It’s wonderful to see people flying again, but the effort to revive an industry that’s been largely dormant for two years is creating big challenges, as we’re all seeing in the news and on social media.

This has been a tough time for our industry, especially since the Government’s furlough scheme ended and continued changes in COVID restrictions, and I thought it might be useful to give a view on what’s happening from an air traffic control perspective.

Right at the start of the pandemic, we decided that we must maintain our operational capability. In hindsight, that was a much bigger decision than it seemed even at the time – little did anyone know that this crisis would go for more than two years.

We protected jobs and pay and spent £66m making sure furloughed employees still received their full salaries.  When we had a voluntary redundancy programme, our controllers weren’t part of it because of their role as key workers helping to guide repatriation, cargo and medical flights – and because we didn’t want our capacity to be a brake on the industry’s recovery once it came.

The main challenge during the pandemic was keeping controllers’ skills sharp and their licences current, which took careful management, as has making sure they’re ready and confident as traffic has started to come back.

Right now, our big challenge is volatility. We’re currently seeing 80%-90% of pre-pandemic traffic in the UK, but that traffic is both very ‘peaky’ and often presenting in places and at times that we’re not expecting. The closure of Ukraine’s airspace means many flights are tracking much further west than usual, causing bottlenecks in Germany; a major technology transition in France which we’re supporting by handling more traffic than usual; and capacity and resource issues on the ground are all contributing to an environment that conspires against planning and predictability and makes it very hard to get it right all the time.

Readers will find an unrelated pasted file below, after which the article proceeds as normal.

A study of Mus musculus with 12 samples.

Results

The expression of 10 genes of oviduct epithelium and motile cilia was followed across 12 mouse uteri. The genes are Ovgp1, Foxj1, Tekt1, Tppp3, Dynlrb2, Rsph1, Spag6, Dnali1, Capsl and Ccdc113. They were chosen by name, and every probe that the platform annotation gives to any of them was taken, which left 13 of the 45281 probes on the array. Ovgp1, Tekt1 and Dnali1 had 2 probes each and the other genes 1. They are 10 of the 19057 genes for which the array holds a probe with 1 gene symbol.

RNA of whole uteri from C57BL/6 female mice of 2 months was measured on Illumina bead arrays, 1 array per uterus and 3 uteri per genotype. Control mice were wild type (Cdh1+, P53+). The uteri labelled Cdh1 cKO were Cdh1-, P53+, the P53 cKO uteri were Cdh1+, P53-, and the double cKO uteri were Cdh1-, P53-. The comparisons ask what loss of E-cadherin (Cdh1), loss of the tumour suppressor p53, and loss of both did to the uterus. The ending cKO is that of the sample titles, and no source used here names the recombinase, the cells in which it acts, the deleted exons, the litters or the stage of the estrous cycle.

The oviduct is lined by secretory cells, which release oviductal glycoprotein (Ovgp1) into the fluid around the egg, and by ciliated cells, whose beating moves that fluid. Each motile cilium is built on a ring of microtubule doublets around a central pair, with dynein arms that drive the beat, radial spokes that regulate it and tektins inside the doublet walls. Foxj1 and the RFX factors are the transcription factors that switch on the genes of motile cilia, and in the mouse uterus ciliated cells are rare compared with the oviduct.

Radar controllers are only valid to work on a limited number of sectors of airspace. As part of our usual planning process, we look ahead at the airlines’ schedules and decide which controllers we need where and when. The volatility we are now seeing is making that very difficult.

Most of the time we are getting it right. During the week ending 10 June, we handled around 24% of all of Europe’s traffic, but only contributed 7% to the overall delay. However, some days are proving far more challenging to adapt to. On Wednesday last week we had a lot of air traffic control delay in the higher UK airspace where it intersects with Europe. Next day there was none at all, which gives you some idea of how unpredictable the current operational environment is.

Everyone in this industry gets up in the morning keen to do a good job. Everyone is doing their best to get people safely where they want to be, when they want to be there. We will continue to work closely with our industry partners both in the UK and across Europe, but this is going to be a very challenging summer that will call for patience and flexibility from everyone.